Many, many years ago (god, I am getting old), I read “The Futurological Congress,” by Stanislaw Lem. It was an instant favorite. After that, I absorbed every Lem book I could find and was constantly pleased. Then, in an old interview I found online, Lem claimed that he was just rehashing ideas that Philip K. Dick had already covered.
And so PKD entered into my life. “The Man in the High Castle” was first. Then short stories by the hundreds. Then, like a catch phrase that you never knew existed but is totally awesome, came “Ubik,” and that’s when the genius, power, and creativity hit me. This was my new Jorge Luis Borges. This was magical realism disguised by sci-fi. I was in a new Tlön, Uqbar, Orbis Tertius and it was as real and as pure as anything I’d ever experienced. It was maddening and confusing. The world of Ubik is equal parts “The Running Man” and Jean Baudrillard.
And then, everything else followed. I devoured every story, film, & biography I could swallow. Well, nearly everything. I still haven’t gotten up the courage to read these newly published non-sci-fi works… whatever. sue me.
And then a few years ago I wrote this song, “fake world, nyc” whose first few verses seemed to be about feeling stuck in a relationship where you are isolated but feel helpless to change things. After a few attempts at polishing it, I realized I was singing about “Do Androids Dream of Electric Sheep?” Completely unintentionally I had re-created the world that Deckard lives in… but it was my life that I was describing. It was eerie, and one of those elusive pure moments of inspiration that artists live for.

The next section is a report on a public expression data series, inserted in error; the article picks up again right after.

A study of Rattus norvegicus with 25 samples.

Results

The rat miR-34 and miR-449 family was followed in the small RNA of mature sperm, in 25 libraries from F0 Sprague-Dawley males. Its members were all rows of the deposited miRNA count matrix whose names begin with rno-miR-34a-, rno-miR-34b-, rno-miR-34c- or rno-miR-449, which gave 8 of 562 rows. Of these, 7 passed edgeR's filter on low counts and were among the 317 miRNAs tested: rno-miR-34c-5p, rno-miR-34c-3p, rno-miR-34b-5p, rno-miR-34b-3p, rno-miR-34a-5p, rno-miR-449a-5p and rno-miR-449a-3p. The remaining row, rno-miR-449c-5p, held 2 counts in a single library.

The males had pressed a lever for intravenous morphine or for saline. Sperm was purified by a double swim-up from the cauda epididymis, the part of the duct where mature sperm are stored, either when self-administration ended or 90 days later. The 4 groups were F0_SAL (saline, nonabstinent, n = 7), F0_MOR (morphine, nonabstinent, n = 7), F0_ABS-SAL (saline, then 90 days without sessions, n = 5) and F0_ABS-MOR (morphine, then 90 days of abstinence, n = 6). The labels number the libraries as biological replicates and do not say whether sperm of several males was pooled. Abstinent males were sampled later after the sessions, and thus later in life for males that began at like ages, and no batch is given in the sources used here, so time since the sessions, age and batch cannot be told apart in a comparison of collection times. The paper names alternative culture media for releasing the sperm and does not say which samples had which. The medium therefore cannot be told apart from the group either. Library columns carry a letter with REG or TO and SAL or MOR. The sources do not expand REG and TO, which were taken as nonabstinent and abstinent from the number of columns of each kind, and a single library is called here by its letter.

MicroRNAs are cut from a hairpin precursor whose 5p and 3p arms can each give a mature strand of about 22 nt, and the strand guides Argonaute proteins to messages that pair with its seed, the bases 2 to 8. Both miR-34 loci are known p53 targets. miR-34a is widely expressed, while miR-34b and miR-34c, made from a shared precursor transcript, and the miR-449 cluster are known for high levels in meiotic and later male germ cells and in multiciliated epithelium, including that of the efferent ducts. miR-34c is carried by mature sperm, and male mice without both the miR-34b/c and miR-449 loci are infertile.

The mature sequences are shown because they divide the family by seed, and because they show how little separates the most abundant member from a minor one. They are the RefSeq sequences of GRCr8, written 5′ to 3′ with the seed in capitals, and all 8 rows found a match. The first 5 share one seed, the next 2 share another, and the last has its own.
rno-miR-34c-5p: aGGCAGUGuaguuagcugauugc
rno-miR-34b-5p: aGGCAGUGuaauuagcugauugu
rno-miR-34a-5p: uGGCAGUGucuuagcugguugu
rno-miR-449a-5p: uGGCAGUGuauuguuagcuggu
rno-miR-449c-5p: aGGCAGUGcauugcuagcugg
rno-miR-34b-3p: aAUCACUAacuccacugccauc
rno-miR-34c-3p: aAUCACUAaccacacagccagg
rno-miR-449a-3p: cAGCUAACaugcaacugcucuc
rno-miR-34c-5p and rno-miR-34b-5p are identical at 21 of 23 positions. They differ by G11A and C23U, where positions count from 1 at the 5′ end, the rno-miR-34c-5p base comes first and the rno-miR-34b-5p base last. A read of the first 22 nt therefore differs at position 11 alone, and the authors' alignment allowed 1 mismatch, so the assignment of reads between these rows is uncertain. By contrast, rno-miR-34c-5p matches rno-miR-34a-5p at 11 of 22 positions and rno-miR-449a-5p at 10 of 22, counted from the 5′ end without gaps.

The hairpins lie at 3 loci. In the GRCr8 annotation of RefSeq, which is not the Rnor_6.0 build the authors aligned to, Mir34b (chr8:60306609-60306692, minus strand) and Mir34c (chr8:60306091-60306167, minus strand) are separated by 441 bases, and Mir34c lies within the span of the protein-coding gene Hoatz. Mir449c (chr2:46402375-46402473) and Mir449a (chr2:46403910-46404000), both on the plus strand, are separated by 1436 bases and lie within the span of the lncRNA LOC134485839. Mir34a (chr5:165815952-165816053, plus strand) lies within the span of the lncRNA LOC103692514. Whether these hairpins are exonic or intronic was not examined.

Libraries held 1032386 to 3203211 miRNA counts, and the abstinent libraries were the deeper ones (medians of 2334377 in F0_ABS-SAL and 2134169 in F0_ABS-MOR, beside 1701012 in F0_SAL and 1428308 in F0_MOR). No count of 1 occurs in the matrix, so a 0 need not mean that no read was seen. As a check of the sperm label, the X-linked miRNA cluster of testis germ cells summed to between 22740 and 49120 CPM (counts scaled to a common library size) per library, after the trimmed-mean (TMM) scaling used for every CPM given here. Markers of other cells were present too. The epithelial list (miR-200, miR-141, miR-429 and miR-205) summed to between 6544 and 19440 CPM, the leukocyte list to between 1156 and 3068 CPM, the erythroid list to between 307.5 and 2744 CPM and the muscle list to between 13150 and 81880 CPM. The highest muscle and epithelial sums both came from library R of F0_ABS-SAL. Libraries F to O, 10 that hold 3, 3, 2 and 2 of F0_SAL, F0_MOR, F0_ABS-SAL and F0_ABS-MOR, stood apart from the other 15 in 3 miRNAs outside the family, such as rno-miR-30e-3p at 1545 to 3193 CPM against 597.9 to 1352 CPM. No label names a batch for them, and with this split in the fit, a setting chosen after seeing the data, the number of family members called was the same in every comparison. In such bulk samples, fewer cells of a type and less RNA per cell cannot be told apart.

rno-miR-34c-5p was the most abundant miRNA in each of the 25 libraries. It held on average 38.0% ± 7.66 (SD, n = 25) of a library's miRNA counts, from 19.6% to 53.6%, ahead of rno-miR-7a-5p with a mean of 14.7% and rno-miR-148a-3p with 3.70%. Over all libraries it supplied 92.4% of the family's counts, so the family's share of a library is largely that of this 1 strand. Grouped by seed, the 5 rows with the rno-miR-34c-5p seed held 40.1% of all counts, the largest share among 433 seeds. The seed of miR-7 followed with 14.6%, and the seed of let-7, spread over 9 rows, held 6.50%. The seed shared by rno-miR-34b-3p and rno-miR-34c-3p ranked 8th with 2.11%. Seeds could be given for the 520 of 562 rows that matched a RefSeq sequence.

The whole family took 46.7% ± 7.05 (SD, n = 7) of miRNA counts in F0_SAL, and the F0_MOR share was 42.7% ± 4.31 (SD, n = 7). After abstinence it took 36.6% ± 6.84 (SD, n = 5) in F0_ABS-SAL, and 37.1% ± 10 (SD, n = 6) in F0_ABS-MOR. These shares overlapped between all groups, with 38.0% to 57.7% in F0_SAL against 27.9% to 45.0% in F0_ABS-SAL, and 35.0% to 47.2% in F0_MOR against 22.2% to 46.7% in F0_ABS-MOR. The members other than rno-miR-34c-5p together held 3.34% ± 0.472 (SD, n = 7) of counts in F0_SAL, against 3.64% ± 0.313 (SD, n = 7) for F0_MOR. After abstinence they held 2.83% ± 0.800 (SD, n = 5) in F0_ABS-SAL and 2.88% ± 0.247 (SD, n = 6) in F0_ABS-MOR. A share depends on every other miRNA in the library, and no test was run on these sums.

After a complete overhaul, the song was completed and recorded for my 2009 album Simulation of an Artist.
But, that moment stuck with me and drove me to write (and to read) more.
The tumultuous relationship that was ending at the time—together with the idea of writing about my favorite sci-fi—pushed me to write other PDK-inspired songs. And then, it hit me, this is a concept. For an album. A “concept album” as it were.
That was the beginning. From that idea sprang forth a thousand words and a hundred songs—thirteen of which comprise The Empire Never Ended.
There are hundreds of hours, millions of gublots (a unit I just made up) of effort, and several garbage pails full of love, that went into these songs. (i think the secret is that these songs are actually more a part of me than PKD, but i’ll never tell…) so I promise that i’ll eventually write more about each of them.
Thanks for listening and for reading.